Tuesday, June 30, 2009

The Ugly

On the cab ride to our hotel the night before the NY Med interview, the driver explained, “the hospital is the primary employer here, second only to the prison.” Sure enough, this small, picturesque town is dominated by a beautiful medical facility and razor-wire-surrounded prison. He couldn’t remember if it was “where they temporarily hold rapists and murderers before they’re sentenced” or for white-collar criminals. Ok. Well, that’s good to know.

It's located in Westchester County, the ninth richest in the country. The place feels a little snobbish, but I'm keeping an open mind.

The campus is gorgeous – red brick buildings connected by sidewalks crossing green lawns. It’s October and the fall colors are at their peak. Walking in the door to the Admission office I feel way out over my skis. The room looks like an old rich person’s parlor. Dark wood, rich burgundy carpet, antiques, gilded picture frames, the whole bit. The people inside seem to fit the part much better than I. All ten interviewees are sitting around a coffee table not conversing and looking pretentious.

I decide to put myself out there, “Hi, my name’s Trina, what’s yours?” After a day at Einstein where we were all camp buddies by the end of the day I was not prepared for the perhaps more typical interviewee culture of competition. “I’m Rebecca” she says without bothering to look up.

Ok, this is going well. I try a guy, “Hi, I’m Trina. Where are you from? Did you just fly in?” He looks up from his leather padfolio just long enough to watch my expression while he says, “I didn’t need to fly. My parents have a house here in Westchester.” Granted, everyone in the room is nervous, but come on folks…we’re here to interview after all. A little warm up conversation could help us all!

My name is called and I enter the room. I see a man I can only imagine is named Mr. Tuttle sinking into the chair. He’s at least 350 pounds with golf ball sized bags under his eyes and a lot of skin under his neck that wiggles like a turkey gibbler when he turns to face me. He has glasses magnifying the black circles and it seems to be more effort than he can muster to move his large grimacing lips. I smile, look him in the eye, firmly shake his hand and say, “Hello, Dr. X, I am Trina Davis, it’s a pleasure to meet you.” (Kind of a lie). He mutters, flips through the file on his desk and says, “Why did you wait so long to apply to medical school?” Apparently life experience is not a plus here. I explain my story, and he seems barely able to hold himself awake. “What did you hate about your job so much that it drove you to medicine?” Not exactly an optimist. I describe that I actually loved my job and would be suspect of my motives if I was running from something; I was simply that much more compelled by medicine. He proceeds down the list of scripted questions.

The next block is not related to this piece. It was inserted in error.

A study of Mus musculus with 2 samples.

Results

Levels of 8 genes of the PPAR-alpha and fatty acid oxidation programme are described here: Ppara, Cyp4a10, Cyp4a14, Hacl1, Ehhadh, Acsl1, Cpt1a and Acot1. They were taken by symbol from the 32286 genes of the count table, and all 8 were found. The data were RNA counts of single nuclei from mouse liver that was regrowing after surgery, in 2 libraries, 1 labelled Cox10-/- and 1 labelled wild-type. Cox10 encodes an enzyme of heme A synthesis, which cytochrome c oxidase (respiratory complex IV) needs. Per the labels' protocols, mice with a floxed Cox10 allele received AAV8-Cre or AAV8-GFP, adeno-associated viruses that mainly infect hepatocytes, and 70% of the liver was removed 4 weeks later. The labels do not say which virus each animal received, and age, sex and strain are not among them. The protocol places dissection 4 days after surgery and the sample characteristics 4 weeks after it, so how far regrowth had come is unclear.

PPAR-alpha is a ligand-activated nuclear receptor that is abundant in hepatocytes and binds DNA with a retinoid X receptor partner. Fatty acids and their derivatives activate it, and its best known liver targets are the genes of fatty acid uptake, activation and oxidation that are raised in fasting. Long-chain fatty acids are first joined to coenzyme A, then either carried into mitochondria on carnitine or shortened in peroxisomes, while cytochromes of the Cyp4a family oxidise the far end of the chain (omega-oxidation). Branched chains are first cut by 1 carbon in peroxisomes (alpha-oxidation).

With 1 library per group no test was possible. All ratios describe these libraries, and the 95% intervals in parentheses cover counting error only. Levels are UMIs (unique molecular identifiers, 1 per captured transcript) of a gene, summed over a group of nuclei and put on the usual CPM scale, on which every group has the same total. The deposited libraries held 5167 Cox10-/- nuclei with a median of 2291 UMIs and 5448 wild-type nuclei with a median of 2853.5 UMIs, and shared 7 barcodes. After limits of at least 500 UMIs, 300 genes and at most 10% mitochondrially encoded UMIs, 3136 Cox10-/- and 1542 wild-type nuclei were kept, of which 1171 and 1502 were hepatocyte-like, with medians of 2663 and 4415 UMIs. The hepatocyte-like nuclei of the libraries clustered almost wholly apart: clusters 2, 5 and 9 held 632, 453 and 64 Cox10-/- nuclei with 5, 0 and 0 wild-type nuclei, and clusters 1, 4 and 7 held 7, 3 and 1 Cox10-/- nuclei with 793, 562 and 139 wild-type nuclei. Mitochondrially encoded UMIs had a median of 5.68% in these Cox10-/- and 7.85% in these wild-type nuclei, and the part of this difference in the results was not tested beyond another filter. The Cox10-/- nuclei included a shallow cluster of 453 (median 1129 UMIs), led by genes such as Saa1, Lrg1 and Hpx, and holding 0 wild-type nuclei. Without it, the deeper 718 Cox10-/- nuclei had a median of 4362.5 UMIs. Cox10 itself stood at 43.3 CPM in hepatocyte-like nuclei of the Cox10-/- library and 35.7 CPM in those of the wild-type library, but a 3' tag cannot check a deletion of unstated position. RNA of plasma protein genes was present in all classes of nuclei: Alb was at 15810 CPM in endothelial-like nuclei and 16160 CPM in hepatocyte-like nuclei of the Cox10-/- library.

I’m increasingly certain I could do a jig on the table and this man won’t crack a smile. I try serious, studious responses, lighthearted ones, sullen, negative ones and vulnerable, honest ones.

I didn’t know it was physically possible to conduct an entire conversation while firmly frowning. He looks ridiculous as he says “I’m your advocate to the Admission Committee” with pursed eyebrows, blank eyes and expressionless lips.

It was like trying to launch a hot air balloon filled with lead. Crashing and burning is too generous as it indicates there was some initial speed.

The rest of the afternoon touring the campus and lunching with students proves what I suspected from portly interview man – this is a well-resourced place that values homogeneity. I appreciated the connection I saw among the students, the magnificent facilities and determined this was definitely not my kind of place.

Although I was told I wouldn’t hear any decisions for at least ten weeks, I was not surprised to receive my first rejection a mere six weeks later. Apparently the school was really eager to vomit the interloper out of their gilded system.